Mortgage Rate Thaw Renews Housing Bubble Concern: Canada CreditAri Altstedter
The bond market is suggesting an overheated Canadian housing market is about to get even hotter just in time for the spring thaw.
Five-year bond yields, which serve a benchmark for mortgage loans, are at a record low. Anticipation of increased lending has helped push the cost to hedge mortgage loans by banks to the highest level since August 2013, when frenzied activity in the housing market prompted authorities to clamp down.
With oil prices depressed to 5 1/2 year lows and both the International Monetary Fund and the World Bank cutting growth forecasts this month, traders have pushed out expectations for when central banks in the U.S. and Canada will raise benchmark interest rates. That’s caused the wholesale rates available to banks in the bond market to fall before the country’s traditional spring home-buying season.
“Real estate, it has nine lives,” said Benjamin Tal, deputy chief economist at Canadian Imperial Bank of Commerce, by phone from Toronto. “Every time it’s supposed to slow down because of interest rates, something bad happens elsewhere that keeps interest rates low. That’s exactly what we’re seeing now.”
The average five-year mortgage rate in Canada is a record-low 4.79 percent, according to central-bank data. Lower rates can be obtained from banks and other private lenders.
A month ago, traders were pricing in an 83 percent chance the Federal Reserve would raise the key U.S. rate by the end of 2015, according to Bloomberg calculations based on overnight index swaps. The chances today were 68 percent.
The Bank of Canada unexpectedly cut its benchmark interest rate to 0.75 percent today, from 1 percent, saying the oil slump will weigh on everything from inflation to business spending. It was the bank’s first rate reduction since 2009.
The gloomy outlook has increased demand for bonds, pushing the yield on five-year debt from the Canadian government to a record-low 0.786 percent.
At the same time, the cost for the securities banks use to hedge mortgage liabilities, the five-year swap spread, has risen.
The premium banks must pay over five-year government securities for a five-year interest rate swap -- the rate to exchange floating- for fixed-interest payments -- climbed as high as 46 basis points this month.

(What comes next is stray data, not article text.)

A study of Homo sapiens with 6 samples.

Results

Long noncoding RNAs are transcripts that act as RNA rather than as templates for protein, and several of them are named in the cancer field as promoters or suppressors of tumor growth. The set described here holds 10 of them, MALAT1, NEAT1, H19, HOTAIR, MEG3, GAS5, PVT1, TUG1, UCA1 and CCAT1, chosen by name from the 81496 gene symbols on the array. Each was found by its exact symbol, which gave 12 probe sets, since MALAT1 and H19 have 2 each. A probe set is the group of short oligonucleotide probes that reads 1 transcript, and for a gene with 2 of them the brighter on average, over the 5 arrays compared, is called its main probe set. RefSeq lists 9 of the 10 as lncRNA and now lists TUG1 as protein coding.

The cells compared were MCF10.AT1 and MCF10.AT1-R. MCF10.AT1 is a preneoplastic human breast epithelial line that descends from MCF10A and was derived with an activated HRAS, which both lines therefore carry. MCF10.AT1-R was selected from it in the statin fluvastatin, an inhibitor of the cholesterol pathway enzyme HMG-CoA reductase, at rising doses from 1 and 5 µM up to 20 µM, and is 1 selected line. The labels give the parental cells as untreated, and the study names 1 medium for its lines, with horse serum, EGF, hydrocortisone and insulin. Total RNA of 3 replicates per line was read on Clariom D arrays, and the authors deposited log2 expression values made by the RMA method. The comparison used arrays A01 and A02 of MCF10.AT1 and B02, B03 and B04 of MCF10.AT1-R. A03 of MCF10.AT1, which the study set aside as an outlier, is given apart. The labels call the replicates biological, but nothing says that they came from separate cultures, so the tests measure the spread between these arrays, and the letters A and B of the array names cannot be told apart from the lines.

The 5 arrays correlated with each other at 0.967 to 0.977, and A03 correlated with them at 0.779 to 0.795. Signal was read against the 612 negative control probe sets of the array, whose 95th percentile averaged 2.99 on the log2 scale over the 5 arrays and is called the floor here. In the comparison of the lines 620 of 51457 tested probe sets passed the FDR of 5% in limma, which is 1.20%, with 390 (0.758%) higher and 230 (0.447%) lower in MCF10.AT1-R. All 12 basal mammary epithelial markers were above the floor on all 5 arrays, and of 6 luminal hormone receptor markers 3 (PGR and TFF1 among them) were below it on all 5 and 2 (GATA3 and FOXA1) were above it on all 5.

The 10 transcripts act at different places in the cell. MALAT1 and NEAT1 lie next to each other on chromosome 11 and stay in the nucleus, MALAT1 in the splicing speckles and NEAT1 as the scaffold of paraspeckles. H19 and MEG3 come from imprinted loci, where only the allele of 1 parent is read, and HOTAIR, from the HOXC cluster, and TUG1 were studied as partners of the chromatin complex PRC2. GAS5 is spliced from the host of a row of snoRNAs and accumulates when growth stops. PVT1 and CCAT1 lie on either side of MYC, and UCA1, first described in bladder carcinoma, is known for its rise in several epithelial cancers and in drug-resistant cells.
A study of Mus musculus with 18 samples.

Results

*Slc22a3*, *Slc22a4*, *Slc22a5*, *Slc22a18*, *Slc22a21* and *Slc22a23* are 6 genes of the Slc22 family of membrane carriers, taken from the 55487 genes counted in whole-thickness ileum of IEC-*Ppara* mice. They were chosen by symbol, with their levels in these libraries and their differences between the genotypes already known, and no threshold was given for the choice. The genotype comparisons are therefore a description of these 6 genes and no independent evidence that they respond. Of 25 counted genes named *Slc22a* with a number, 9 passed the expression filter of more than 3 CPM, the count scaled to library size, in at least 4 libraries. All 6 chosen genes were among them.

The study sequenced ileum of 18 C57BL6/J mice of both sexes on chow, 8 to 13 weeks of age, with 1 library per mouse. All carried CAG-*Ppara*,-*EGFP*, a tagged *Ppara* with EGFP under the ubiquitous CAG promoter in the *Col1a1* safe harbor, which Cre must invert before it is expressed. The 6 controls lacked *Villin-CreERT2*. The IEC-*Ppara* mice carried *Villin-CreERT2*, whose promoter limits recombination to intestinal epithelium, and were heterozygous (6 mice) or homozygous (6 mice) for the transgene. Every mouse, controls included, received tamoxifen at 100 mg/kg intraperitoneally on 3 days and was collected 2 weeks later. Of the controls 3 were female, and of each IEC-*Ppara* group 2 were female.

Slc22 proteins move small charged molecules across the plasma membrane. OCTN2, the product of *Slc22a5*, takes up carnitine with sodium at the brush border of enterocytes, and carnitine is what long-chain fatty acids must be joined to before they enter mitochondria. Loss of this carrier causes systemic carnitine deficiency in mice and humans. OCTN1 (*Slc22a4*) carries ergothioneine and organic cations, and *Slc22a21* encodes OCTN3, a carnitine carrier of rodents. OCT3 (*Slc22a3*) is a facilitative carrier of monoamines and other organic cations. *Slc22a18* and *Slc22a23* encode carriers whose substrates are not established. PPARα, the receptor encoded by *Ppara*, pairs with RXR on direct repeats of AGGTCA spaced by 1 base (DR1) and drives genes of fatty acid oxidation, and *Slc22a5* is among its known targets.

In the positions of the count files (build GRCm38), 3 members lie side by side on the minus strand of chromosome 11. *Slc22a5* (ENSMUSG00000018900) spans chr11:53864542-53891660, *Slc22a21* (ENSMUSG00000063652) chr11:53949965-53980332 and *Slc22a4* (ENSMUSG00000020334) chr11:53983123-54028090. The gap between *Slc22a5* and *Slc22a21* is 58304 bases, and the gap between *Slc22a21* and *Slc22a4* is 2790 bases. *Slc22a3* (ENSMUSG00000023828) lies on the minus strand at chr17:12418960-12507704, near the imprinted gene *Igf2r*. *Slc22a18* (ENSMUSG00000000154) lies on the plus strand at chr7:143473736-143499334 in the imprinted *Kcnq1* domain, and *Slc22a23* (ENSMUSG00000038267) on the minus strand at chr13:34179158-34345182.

“The banks aren’t hedging yet, but other investors are anticipating the hedging activity and they’re basically front-running the banks,” said Ruslan Bikbov, a fixed-income strategist in New York at Bank of America Corp. “Mortgage rates, basically they have to decline.”
With consumer debt including mortgages at a record level and real estate valuations still rising, Canada’s situation today echoes the summer of 2013, when the nation’s housing agency rationed guarantees on mortgage-backed securities to help keep the market from becoming a bubble. That March, then-Finance Minister Jim Flaherty, who had already tightened mortgage rules, rebuked Bank of Montreal for reducing its five-year mortgage rate below 3 percent.
At the time, the benchmark five-year rate was 1.3 percent.
“This spring, in both the investment season and in the mortgage season, we hope to again have a fresh offer that is appealing to customers,” William Downe, chief executive officer of Bank of Montreal, said at Jan. 14 conference in Toronto. “And so in that sense, it isn’t a question of competing on price. It’s a question of competing on value.”
Housing prices have continued to gain across the country, particularly in the largest cities. In Vancouver, the average home price jumped 27 percent since December 2008, according to the Canadian Real Estate Association. Toronto home prices rallied 49 percent in the same period to C$521,300 ($430,329) in December 2014.
This year, there’s no guarantee the banks will respond to the lower rates in the bond market by lowering mortgage rates, and even if they do, there’s no guarantee cheaper mortgages will further inflate housing values, according to CIBC’s Tal.
His own research shows an estimated 30 percent to 40 percent of Canadian households are taking advantage of low interest rates to pay back their mortgages to shorten their amortization, reducing the risk of an interest-rate shock.
Last month, the Bank of Canada said housing prices are overvalued by as much as 30 percent, posing an “elevated” risk to the domestic financial system.
“If we borrow more, that will add to the ultimate adjustment,” Tal said. “But that depends on what we do. We have seen in the past that Canadians use low interest rates to actually pay down debt faster, as opposed to add to their debt. If that’s what we do, it’s a good thing.”